Legislators grill agency execs over cost of equipment, vehicles, meetings, facilities.
The high cost of state government is being driven home by outraged lawmakers in Sacramento this week.
They're picking apart some $75 million in equipment and other overhead costs incurred last year.
Caltrans is taking heat for big outlays on new vehicles that replaced models that reached 120,000 miles. The Department of Motor Vehicles and Air Resources Board are under the microscope for spending an average of $7,000 on new office cubicles. A number of state agencies also are being criticized for holding conferences in private meeting facilities.
Agency executives were grilled Wednesday by members of the Assembly's Accountability and Administrative Review Committee, including State Rep. Nathan Fletcher, (R-75th District), who has constituents in San Diego, Poway and Escondido.
"Is it an unreasonable question to ask if $7,000 for a work station is exorbitant?" Fletcher challenged Bob Courtnier, a Department of General Services deputy director who oversees state equipment purchasing.
"To the layman, no, it's not an unreasonable question," Courtnier replied, explaining that added costs for power, telephone and electronics setups go into the bottom line for the cubicles.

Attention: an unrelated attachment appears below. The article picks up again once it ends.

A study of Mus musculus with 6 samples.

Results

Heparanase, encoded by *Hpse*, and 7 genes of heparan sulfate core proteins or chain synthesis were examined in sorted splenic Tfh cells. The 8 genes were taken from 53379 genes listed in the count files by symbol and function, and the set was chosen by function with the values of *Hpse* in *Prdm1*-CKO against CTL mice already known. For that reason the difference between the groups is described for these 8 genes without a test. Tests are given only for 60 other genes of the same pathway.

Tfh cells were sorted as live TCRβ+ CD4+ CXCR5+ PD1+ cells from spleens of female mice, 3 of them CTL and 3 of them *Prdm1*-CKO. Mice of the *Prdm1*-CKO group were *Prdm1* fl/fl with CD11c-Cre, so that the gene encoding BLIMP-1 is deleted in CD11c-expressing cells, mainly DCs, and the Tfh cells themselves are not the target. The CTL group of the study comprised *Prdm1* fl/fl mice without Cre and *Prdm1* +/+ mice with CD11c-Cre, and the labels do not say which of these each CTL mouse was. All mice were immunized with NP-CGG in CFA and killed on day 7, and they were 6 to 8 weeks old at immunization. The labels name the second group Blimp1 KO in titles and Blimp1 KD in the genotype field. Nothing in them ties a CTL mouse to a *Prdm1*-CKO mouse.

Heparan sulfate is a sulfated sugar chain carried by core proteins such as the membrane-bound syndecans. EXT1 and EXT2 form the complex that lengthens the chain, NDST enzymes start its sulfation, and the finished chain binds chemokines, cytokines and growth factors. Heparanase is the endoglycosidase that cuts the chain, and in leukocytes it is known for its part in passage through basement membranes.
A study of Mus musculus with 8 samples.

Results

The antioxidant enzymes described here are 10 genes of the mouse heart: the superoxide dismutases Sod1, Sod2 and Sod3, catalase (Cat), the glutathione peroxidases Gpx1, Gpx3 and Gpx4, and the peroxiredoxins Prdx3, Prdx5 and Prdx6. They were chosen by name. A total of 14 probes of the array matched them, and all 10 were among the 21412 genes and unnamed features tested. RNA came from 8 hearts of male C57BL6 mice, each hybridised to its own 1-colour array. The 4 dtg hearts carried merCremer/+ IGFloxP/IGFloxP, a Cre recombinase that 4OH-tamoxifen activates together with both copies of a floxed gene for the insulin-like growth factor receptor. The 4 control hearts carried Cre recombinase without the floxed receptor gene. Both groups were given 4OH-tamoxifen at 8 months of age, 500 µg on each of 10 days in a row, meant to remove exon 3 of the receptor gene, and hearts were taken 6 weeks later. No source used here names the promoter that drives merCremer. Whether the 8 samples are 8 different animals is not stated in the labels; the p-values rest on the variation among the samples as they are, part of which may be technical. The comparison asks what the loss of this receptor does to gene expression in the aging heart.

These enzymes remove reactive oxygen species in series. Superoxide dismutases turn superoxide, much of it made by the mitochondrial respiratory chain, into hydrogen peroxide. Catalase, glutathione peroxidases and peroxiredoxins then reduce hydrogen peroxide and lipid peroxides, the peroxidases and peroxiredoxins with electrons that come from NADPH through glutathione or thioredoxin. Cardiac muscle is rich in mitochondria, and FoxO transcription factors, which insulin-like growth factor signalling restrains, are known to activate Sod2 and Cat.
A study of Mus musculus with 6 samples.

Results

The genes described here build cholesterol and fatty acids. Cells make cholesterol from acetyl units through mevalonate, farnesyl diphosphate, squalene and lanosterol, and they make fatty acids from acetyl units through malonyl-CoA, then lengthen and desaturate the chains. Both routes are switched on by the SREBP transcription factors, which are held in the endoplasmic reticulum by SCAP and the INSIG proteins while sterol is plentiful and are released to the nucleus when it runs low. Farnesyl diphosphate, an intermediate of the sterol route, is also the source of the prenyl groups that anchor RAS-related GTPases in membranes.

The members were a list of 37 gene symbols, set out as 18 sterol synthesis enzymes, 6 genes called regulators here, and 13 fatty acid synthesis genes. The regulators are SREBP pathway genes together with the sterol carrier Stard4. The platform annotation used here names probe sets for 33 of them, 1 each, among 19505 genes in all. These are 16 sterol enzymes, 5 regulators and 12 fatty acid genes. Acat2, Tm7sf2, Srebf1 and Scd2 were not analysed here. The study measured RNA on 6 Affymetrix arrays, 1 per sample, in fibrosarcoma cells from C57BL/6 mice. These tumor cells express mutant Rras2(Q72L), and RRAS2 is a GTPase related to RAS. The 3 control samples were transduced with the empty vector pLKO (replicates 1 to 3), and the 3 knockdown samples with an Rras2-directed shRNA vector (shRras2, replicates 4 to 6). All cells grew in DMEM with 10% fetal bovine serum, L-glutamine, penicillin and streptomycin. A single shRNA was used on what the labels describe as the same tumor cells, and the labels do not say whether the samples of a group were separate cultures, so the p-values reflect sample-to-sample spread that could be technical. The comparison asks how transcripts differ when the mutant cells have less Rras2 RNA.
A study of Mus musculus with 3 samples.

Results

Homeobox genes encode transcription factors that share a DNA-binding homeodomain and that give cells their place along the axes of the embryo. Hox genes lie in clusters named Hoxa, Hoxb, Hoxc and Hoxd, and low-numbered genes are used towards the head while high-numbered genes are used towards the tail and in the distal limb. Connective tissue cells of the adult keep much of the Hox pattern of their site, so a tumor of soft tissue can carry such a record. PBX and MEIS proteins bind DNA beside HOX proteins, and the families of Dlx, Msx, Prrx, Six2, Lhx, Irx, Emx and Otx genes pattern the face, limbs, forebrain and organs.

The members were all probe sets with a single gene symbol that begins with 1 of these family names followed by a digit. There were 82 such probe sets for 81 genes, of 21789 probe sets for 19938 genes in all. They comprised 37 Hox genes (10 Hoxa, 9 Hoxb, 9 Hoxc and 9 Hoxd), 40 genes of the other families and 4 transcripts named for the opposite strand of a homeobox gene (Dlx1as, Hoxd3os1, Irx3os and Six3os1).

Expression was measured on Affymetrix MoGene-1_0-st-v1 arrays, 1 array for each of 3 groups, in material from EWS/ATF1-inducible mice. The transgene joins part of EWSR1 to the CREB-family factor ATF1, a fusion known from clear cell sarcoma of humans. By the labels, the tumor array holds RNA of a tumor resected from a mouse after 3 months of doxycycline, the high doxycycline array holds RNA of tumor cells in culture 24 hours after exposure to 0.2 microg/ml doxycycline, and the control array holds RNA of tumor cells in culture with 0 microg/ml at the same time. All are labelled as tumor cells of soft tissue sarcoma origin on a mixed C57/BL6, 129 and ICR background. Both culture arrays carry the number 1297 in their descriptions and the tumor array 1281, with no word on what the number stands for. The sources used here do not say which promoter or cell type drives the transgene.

"It's the labor to install it," Courtnier also pointed out. "You don't just pick up modular furniture and bring it in. It has to be assembled. And it's the design for it. It's the complete package for that modular furniture."
Fletcher seemed unsatisfied, citing hardships of drastic state funding cuts in public safety, education and health care, along with hikes in fees and taxes.
"I just don't know how you take that back [to constituents] and explain it as reasonable," Fletcher said. "You could say the state got the best deal it could. I just don't think it passes the smell test."
The committee recommended that the agencies extend the replacement mileage for non-emergency light-duty vehicles past 120,000 miles; implement employee vehicle-sharing policies to reduce the size of state fleets; and hold conferences in state or municipal facilities instead of private venues.